One of my fears when I write this blog is coming off as pretentious.  I am not trying to show that my kids are better than others or that I am better than others.  What I’m attempting is to show that if I can do it, so can you.  Ok, except if there are food allergies or aversions, texture problems or other issues, but for the most of everyone else, I do believe it’s possible.  And this is not to say it’s always easy.  Sometimes there are struggles, but they needn’t be huge, horrible or drawn out.  Learn when to stay your ground and when to be flexible and when to give in.

The other night my middle son came home from friends at dinnertime with food in hand— his dinner “to go”.  He was given chicken nuggets, ham, and mac and cheese.  My husband said the host offered the kids snap peas but they all declined. When we sat down to eat our dinner he refused to have any, because he’d eaten, so I let him skip it.  We’d made salmon, TJ’s Harvest grains (orzo, Israeli couscous, quinoa and baby chick peas), spinach and snow peas. 

After dinner the two eldest boys ran out to cub scouts with my husband. Upon their return and while they should have been getting ready for bed, my middle son cried that he was hungry.  I offered him what we had for dinner.  “No, I want something else.” He repeated a couple of times. “I don’t want that. I want something different.” as he kept pointing at the refrigerator.  I was resolute and he acquiesced fairly quickly and said he wanted it all.  All of dinner, not just the salmon or just the grains, but all.   I actually had no spinach and only a tiny piece of salmon left, but I gave him what I had plus a piece of broccoli left over from last night’s dinner.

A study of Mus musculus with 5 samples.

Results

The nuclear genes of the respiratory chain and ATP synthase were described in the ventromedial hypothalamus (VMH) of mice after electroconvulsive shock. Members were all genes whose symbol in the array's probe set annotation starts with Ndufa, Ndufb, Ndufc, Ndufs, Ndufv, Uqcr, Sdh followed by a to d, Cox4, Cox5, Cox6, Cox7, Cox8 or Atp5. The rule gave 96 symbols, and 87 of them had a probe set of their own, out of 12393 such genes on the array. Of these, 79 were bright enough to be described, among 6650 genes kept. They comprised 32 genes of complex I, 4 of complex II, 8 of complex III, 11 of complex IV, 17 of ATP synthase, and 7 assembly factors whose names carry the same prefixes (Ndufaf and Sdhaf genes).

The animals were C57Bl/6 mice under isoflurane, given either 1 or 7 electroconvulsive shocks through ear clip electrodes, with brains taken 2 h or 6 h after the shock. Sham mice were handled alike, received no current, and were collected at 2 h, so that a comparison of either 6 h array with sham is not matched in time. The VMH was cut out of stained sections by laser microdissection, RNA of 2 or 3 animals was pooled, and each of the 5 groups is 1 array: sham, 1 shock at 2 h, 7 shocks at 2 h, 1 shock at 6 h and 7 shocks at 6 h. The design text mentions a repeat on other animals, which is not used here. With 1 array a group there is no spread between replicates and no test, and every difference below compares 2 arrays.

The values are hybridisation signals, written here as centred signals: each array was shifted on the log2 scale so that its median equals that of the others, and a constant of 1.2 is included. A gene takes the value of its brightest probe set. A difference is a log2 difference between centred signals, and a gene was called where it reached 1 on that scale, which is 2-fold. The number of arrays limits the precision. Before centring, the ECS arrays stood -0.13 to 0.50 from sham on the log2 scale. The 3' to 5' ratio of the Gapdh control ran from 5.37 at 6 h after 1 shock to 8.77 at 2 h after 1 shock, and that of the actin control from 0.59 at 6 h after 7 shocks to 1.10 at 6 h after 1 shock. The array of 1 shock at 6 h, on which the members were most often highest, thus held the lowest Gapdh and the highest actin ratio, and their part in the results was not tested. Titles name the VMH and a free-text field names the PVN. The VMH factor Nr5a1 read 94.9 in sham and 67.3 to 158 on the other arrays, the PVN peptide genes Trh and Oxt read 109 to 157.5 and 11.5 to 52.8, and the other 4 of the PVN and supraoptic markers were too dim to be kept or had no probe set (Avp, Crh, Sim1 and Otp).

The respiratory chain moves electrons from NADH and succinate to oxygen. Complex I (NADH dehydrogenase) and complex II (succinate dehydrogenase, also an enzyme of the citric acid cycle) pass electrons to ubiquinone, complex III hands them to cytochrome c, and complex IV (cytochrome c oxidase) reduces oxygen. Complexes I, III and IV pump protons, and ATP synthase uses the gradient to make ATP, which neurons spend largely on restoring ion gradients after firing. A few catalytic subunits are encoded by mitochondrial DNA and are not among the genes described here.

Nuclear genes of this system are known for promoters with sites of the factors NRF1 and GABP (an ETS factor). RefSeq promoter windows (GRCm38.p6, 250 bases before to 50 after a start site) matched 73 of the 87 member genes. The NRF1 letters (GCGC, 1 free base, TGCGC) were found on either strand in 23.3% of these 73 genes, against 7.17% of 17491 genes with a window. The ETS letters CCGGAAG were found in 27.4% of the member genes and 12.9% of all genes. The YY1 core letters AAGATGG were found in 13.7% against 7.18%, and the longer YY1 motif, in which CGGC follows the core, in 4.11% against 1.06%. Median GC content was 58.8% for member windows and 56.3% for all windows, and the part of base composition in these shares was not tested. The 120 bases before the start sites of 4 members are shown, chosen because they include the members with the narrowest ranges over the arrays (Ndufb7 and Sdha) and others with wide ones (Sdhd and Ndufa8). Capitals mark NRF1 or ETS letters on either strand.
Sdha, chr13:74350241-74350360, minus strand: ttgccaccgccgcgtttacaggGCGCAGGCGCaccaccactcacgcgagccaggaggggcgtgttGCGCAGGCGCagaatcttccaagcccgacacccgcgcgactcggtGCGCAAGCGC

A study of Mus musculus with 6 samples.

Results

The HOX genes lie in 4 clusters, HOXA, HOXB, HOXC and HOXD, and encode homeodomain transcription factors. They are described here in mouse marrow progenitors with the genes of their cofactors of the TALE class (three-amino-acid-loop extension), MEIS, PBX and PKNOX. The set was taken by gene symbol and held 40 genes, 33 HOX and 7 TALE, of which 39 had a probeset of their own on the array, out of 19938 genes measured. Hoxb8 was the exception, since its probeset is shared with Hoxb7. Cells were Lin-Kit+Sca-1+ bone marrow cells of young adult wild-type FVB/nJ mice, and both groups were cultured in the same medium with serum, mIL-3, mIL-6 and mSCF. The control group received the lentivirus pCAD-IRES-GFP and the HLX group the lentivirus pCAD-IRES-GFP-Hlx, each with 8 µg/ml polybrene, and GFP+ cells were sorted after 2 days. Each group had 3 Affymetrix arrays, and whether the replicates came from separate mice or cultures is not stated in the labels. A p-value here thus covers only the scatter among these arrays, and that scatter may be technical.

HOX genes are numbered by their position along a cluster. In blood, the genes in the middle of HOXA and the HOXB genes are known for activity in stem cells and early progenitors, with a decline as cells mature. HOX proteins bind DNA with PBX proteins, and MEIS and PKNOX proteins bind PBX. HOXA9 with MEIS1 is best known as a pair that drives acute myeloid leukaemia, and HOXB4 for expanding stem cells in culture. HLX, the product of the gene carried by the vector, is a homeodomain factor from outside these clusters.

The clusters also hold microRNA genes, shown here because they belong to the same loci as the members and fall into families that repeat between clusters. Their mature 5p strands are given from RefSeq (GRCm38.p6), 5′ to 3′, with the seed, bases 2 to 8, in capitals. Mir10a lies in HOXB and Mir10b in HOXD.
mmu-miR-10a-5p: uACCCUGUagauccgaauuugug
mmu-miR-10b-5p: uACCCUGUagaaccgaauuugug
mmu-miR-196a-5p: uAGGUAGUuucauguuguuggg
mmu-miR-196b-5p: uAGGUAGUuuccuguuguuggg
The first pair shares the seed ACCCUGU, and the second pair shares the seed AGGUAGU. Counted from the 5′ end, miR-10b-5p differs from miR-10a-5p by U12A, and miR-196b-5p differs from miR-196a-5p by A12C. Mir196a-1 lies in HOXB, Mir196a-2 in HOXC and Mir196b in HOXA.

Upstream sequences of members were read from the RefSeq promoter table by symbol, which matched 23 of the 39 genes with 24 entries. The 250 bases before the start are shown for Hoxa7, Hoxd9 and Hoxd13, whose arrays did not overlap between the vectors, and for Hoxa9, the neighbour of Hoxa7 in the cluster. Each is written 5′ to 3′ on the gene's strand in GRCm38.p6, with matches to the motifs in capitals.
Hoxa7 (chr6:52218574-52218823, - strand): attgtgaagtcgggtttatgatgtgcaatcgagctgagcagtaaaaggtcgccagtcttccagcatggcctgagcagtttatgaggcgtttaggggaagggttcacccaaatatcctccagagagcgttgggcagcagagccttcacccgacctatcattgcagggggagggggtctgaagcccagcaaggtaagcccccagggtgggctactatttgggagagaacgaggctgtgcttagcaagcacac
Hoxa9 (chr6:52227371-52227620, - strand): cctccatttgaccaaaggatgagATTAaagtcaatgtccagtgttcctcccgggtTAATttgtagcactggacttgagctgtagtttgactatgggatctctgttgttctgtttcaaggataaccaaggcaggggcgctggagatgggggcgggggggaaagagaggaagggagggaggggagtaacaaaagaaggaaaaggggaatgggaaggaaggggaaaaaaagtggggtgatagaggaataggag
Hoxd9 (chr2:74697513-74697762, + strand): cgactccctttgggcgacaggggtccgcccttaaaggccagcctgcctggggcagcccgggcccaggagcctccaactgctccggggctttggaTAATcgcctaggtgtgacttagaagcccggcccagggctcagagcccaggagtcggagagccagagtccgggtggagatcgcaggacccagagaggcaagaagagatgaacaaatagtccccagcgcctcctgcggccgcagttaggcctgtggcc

Minutes later my youngest son, while finishing his dinner that he’d abandoned when his brothers left the house, shrieked because he thought his brother had taken one of his snow peas.  I grabbed a couple off my middle son’s plate and then he cried out, “No!  Those are mine!  So back to the fridge for more snow peas…not a bad thing.  I thought to myself, “Ok. They’re arguing over snow peas.”  Not that I like the arguing or crying for that matter, but my kids like these foods.  I know not every child will like every food… I’ve never said that.  But I do believe that if you give in to the chicken nugget/mac & cheese rut you’ll be stuck trying for much longer to get them to eat well and especially their veggies.  Plus if you offer kids foods they’re more likely to say no.  If you give them the vegetables without the option to say no, then they’re more likely to eat them. Getting them to eat well doesn’t need to be fraught with struggles, just need to forge ahead with determination knowing that one day they might just eat the healthier stuff.

Sometimes people think I’m radical by my zealousness in getting kids to eat healthily, but for me I know it’s best for their long term health.  I still try to maintain a healthy attitude and not panic over every little thing and I hope I’ve figured out which battle to choose.  And believe me, I’m not here trying to preach from high above but right in the trenches with you all.